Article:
The proposed rules issued by the Centers for Medicare and Medicaid Services and the Office of the National Coordinator for Health IT come on the eve of the HIMSS19 conference in Orlando, the largest industry gathering of HIT stakeholders, which kicks off on Tuesday.

Brian M. Kalish/Employee Benefit Adviser

In an unprecedented move, CMS is proposing requirements that Medicaid, the Children’s Health Insurance Program, Medicare Advantage plans and Qualified Health Plans in the Federally-facilitated Exchanges must provide enrollees with immediate electronic access to medical claims and other health information electronically by 2020.

“By requiring health insurers to share their information in an accessible, format by 2020, 125 million patients will have access to their health claims information electronically,” said CMS Administrator Seema Verma in a written statement.

For its part, ONC’s proposed rule would implement provisions of the 21st Century Cures Act that deter and penalize “information blocking” by laying out seven proposed exceptions to its definition under the law.

“By supporting secure access of electronic health information and strongly discouraging information blocking, the proposed rule supports the bi-partisan 21st Century Cures Act,” said Don Rucker, MD, National Coordinator for HIT. “The rule would support patients accessing and sharing their electronic health information, while giving them the tools to shop for and coordinate their own healthcare.”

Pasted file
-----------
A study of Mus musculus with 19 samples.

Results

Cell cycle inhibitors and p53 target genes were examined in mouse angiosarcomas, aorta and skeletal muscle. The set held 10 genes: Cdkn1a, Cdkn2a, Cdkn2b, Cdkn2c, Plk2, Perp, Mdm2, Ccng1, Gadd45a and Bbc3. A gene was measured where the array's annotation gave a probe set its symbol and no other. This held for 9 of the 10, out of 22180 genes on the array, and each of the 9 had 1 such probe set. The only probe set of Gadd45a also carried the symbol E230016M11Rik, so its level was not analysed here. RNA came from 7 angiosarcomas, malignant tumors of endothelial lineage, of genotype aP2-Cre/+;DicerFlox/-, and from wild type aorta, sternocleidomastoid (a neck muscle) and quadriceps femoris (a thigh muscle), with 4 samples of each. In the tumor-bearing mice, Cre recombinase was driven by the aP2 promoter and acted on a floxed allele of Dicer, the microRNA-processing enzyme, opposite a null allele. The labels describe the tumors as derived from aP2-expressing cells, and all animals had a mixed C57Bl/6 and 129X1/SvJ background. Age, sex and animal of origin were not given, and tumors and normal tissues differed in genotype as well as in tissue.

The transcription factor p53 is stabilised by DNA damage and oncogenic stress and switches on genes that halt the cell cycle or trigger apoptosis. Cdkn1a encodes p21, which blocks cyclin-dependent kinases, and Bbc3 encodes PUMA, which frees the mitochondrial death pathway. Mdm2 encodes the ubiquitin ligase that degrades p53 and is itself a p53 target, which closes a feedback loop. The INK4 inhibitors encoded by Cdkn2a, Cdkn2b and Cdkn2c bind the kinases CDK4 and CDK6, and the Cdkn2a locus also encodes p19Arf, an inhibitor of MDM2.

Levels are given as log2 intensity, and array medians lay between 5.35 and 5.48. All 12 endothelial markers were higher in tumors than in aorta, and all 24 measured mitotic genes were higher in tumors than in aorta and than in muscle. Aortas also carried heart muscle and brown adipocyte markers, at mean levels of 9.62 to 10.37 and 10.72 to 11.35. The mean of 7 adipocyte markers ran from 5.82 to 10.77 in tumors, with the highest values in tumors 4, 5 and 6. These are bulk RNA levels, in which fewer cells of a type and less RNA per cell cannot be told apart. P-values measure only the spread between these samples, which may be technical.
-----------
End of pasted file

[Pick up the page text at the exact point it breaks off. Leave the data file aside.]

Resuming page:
In an effort to shame “bad” actors and incentivize them to refrain from such practices, the CMS rule also proposes to publicly report providers or hospitals that participate in information blocking practices that unreasonably limit the availability, disclosure and use of electronic health information.

“These proposed rules strive to bring the nation’s healthcare system one step closer to a point where patients and clinicians have the access they need to all of a patient’s health information, helping them in making better choices about care and treatment,” said HHS Secretary Alex Azar in a written statement. “By outlining specific requirements about electronic health information, we will be able to help patients, their caregivers, and providers securely access and share health information.”

Among the far-reaching provisions in the HHS proposed rules are requirements to enable individual patients to securely and easily access their electronic health information using apps on their mobile devices.

Toward that end, HHS is calling on the healthcare industry to “adopt standardized application programming interfaces,” according to the agency’s announcement.

In addition, the proposed rule “would place a strong focus on patient access to their health information through a provision requiring that patients could electronically access their EHI at no cost.”